Debate Magazine

She Suffers

Posted on the 21 March 2012 by Starofdavida
She SuffersGirl suffers.
It hurts Girl every day, hauntsher nightmares and waking dreams, makes her curl up under the covers and try torock herself to sleep. Girl stays up at night and cries about it. When asked, Girlcan’t say why; she can’t say anything. Maybe it’s the pain that renders hermute, or the muteness that causes her pain. She forgets which came first now.
The silence started long ago. Girltraces it back through history in her mind. She knows what she’ll see; she’sdone this many times before. The history of the world begins to play, like areel movie, in her head. At first, she sees only darkness, but then Girl seesGod creating the world: light and dark, heaven and earth. Then, people.
The story that hurts Girl beginsnow, with Lilith, the real first woman, made of the same clay as Adam. Girlsees God shape the two bodies and breathe life into their souls, watches thetwo frolic in the grasses of Eden,avoiding that tree in the middle. Girl has seen this often enough to know whenAdam will half-attack Lilith with lust, but she still hates seeing him aboveher, hates hearing Lilith cry out in God’s name. Girl mostly hates knowing thatLilith is silenced by history, her true story forgotten, blamed for her ownnear-rape. What hurts most is that she knows that Lilith was abandoned by herown sex, women turned against her by superstitious men.
Generations are born and die,from Eve’s children to the Matriarchs. These women hurt and heal Girl at thesame time, show her that women can be strong but so very weak, all at the sametime.
From the inside of Potiphar’spalace Girl sees his wife, Zuleikha, the woman who was stripped of her own name,sit and cry. Potiphar was a physical and emotional eunuch, unable to love Zuleikha,unable to fulfill her bodily needs. Joseph was a young, beautiful boy who fellin love with his mistress, paid attention to her, gave her emotional support,made her feel loved. She thought he wanted more. He did; they were in bedtogether when he changed his mind. Girl knows Zuleikha is angry and hurt, feelsabandoned and used, wants to wound Joseph as much as he wounded her. The ironyof the fact that Lilith and Zuleikha are so similar, yet such opposites - hushednear-rape versus publicized non-rape - is not lost on Girl.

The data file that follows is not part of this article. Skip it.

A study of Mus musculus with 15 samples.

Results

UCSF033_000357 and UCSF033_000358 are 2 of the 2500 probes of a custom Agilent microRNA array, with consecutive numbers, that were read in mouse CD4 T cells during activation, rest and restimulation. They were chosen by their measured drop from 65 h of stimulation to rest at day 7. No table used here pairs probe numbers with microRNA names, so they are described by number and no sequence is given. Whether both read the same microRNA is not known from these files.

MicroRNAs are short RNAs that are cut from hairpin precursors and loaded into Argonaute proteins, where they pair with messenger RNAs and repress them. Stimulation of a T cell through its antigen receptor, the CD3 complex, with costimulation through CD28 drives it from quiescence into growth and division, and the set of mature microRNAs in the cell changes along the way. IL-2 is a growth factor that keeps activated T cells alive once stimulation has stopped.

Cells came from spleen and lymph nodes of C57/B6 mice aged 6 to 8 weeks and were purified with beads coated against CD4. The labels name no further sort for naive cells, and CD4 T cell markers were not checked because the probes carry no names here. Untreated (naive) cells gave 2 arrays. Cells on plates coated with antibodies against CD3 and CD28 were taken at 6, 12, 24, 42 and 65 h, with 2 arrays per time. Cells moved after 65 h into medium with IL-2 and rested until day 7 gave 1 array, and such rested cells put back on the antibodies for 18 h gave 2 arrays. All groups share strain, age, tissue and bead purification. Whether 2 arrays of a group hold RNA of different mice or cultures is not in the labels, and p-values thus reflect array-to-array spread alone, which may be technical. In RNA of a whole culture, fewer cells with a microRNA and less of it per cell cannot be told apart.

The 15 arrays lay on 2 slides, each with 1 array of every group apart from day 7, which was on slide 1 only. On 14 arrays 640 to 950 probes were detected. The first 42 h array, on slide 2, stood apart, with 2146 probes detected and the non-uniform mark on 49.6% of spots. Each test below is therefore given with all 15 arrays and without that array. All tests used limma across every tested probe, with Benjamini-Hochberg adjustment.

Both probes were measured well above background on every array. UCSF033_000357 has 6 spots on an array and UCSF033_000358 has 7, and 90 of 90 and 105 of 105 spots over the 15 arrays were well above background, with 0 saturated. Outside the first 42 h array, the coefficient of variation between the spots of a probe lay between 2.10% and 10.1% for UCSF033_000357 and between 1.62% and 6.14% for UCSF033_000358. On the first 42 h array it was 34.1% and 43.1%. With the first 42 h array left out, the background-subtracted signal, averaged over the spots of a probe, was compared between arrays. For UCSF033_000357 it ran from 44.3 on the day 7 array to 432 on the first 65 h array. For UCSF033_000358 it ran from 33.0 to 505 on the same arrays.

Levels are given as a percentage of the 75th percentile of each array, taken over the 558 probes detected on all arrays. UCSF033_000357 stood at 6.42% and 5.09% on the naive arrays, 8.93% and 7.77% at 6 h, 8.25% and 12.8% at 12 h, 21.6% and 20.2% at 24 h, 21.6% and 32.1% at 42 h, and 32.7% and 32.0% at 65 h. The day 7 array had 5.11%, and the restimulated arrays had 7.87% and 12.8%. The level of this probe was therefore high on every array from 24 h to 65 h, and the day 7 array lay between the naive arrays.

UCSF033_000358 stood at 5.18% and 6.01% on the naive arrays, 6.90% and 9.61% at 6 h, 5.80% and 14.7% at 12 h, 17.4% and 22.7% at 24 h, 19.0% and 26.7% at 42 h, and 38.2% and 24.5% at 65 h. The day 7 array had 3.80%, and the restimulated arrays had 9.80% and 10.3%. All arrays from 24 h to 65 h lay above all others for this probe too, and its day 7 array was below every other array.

The Jews are enslaved in Egypt for centuries, then they are freed; theyreceive the Torah on a mountain in the wilderness, wander for forty years, andenter the land their foreparents were promised, Israel. After centuries of peace,the Jews split into two kingdoms, Israeland Judah.
Girl then observes Jezebel, thePhoenician princess married to Ahab, a king of Israel. It interests Girl that jezebelis now synonymous with whore, but the woman never was one; despite an arrangedmarriage, she loved her husband, to the point that she got him the field hewanted even though it meant committing murder. Ahab deferred to his wife’sintelligence, but never loved her. Girl watched her unsuccessfully try to“improve” herself for his sake: she danced with brides to keep herself youngand lithe, wore make up every day. Even when men were coming to kill her, shepatiently applied her face paints. She knew she was going to die, and she wantedto do it in style.
The Jews of Israel are exiled,and so are the Jews of Judah, their Templedestroyed by the Babylonians. All they want to do is return to their homeland.
Vashti was thegreat-granddaughter of Nebuchadnezzar and the daughter of Belshazzar, two evilmen who kept the Jews in exile. Girl knows Vashti was not like them. She too feltlike a stranger in a strange strange land, taken from her home in Babylon and forced intomarriage to Ahasuerus, a Persian nobody who became king through luck and herlineage. She hated this man who usurped her throne, who treated her like he wasbetter than she was. Vashti wouldn’t take that. He would make a party for themen of Persia?She would make one for the women, in his private chambers, no less. He gotdrunk and wanted her to dance naked for his friends? He could wait forever forthat to happen. Girl loves Vashti’s rebellion, but hates Ahasuerus’s reaction: executingthe upstart wife.
Girl stops watching after Vashti;she’s seen enough for now. She thinks about the four women whose lives shewitnessed. Lilith, Zuleikha, Jezebel, Vashti. Some famous, some obscure, allstrong, even if they didn’t realize it. Their stories were handed down from generationto generation, but reinterpreted over time. So the four women haunt her,telling Girl that she must tell their stories, telling her that she cannot letthem be forgotten.
But Girl can’t speak. She willsuffer until she can.